LMH LMO Format (Fury of the Furries)
The LMH/LMO Format is a video format made for Fury of the Furries to store the intro and language selection cutscenes. It consists of two files, LMH which is an index of individual frames, and LMO which contains the graphic data for the frames.
The file contains to palette information, that is stored separately in a PAM file
Header (LMH file)
|UINT16LE||frame_count||Number of frames in this file.|
|UINT16LE||width||Width of the frames in pixels.|
|UINT16LE||height||Height of the frames in pixels.|
|UINT32LE||index||Offset into LMO file of the first frame.|
|UINT32LE||index||Offset into LMO file of the second frame.|
Frame (LMO file)
The LMO file contains one or more frames, indexed by the LMH file
|UINT8||compressionFlags||flags indicating how the frame data is stored.
Clarify how these flags interact if more than one is set
if bit 1 is set, the frame is identical to the previous frame. No length information or pixel information follows.
if bit 0 is set, the frame has delta compression described below. The data contains only differences from the previous frame.
if no bits are set, the frame is uncompressed. The following 2 bytes are a UINT16BE indicating the compressed data length, and these are then followed by the pixel data from top to bottom. Each pixel is represented by a UINT8 index into the corresponding PAM palette file.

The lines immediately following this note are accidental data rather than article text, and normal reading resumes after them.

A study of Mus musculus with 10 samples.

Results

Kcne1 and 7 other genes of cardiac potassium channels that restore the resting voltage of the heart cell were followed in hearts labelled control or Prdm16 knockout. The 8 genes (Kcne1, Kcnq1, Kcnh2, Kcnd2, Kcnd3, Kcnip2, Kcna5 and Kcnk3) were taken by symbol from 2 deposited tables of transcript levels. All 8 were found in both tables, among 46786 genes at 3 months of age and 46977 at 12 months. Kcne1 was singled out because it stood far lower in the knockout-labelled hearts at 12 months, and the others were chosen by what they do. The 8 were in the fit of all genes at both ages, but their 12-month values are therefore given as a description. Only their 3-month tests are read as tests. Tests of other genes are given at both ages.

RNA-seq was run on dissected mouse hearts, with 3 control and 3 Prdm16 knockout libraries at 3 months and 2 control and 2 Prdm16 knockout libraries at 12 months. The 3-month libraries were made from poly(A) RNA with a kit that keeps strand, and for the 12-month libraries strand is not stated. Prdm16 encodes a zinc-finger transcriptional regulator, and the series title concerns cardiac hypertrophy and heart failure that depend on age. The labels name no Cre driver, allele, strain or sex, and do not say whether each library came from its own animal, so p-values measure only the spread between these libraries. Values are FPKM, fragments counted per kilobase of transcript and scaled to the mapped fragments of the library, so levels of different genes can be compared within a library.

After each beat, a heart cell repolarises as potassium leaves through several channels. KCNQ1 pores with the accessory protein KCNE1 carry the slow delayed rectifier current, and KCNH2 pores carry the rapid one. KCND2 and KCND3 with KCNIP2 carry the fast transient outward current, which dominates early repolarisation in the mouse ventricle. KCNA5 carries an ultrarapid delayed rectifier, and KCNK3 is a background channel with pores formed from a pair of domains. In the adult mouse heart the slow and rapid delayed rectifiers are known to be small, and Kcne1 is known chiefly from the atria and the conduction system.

|UINT16LE||length||Length of this frame's data. This field is omitted where bit 1 of the compressionFlag is set.|
Following on from the UINT16BE length field, the file proceeds either by indicating the number of pixels that should remain unchanged from the previous frame, or by providing a sequence of pixels to replace in the frame at this point. This repeats until length bytes have been handled.
A single byte is read to indicate what to do.
If bit 7 is set, then the 6 least significant bits (lsb) of the byte indicate the number of pixels to be skipped.
If bit 6 is set, then the 6 lsb of this byte, combined (or'ed) with the 2 most significant bits (msb) of the next byte indicate the number of bytes (+ 1) that follow that should be copied into the frame at this point. ALSO the 6 lsb of the next byte (the byte from where we took the 2 msb for the length) indicates the number of pixels to be skipped following the substitution.
If neither bit 6 nor bit 7 is set, then the 6 lsb of this byte indicates the number of bytes (+ 1) that follow that should be copied into the frame at this point.
Add pseudo code to clarify algorithm
This file format was reverse engineered by carbon14. If you find this information helpful in a project you're working on, please give credit where credit is due. (A link back to this wiki would be nice too!)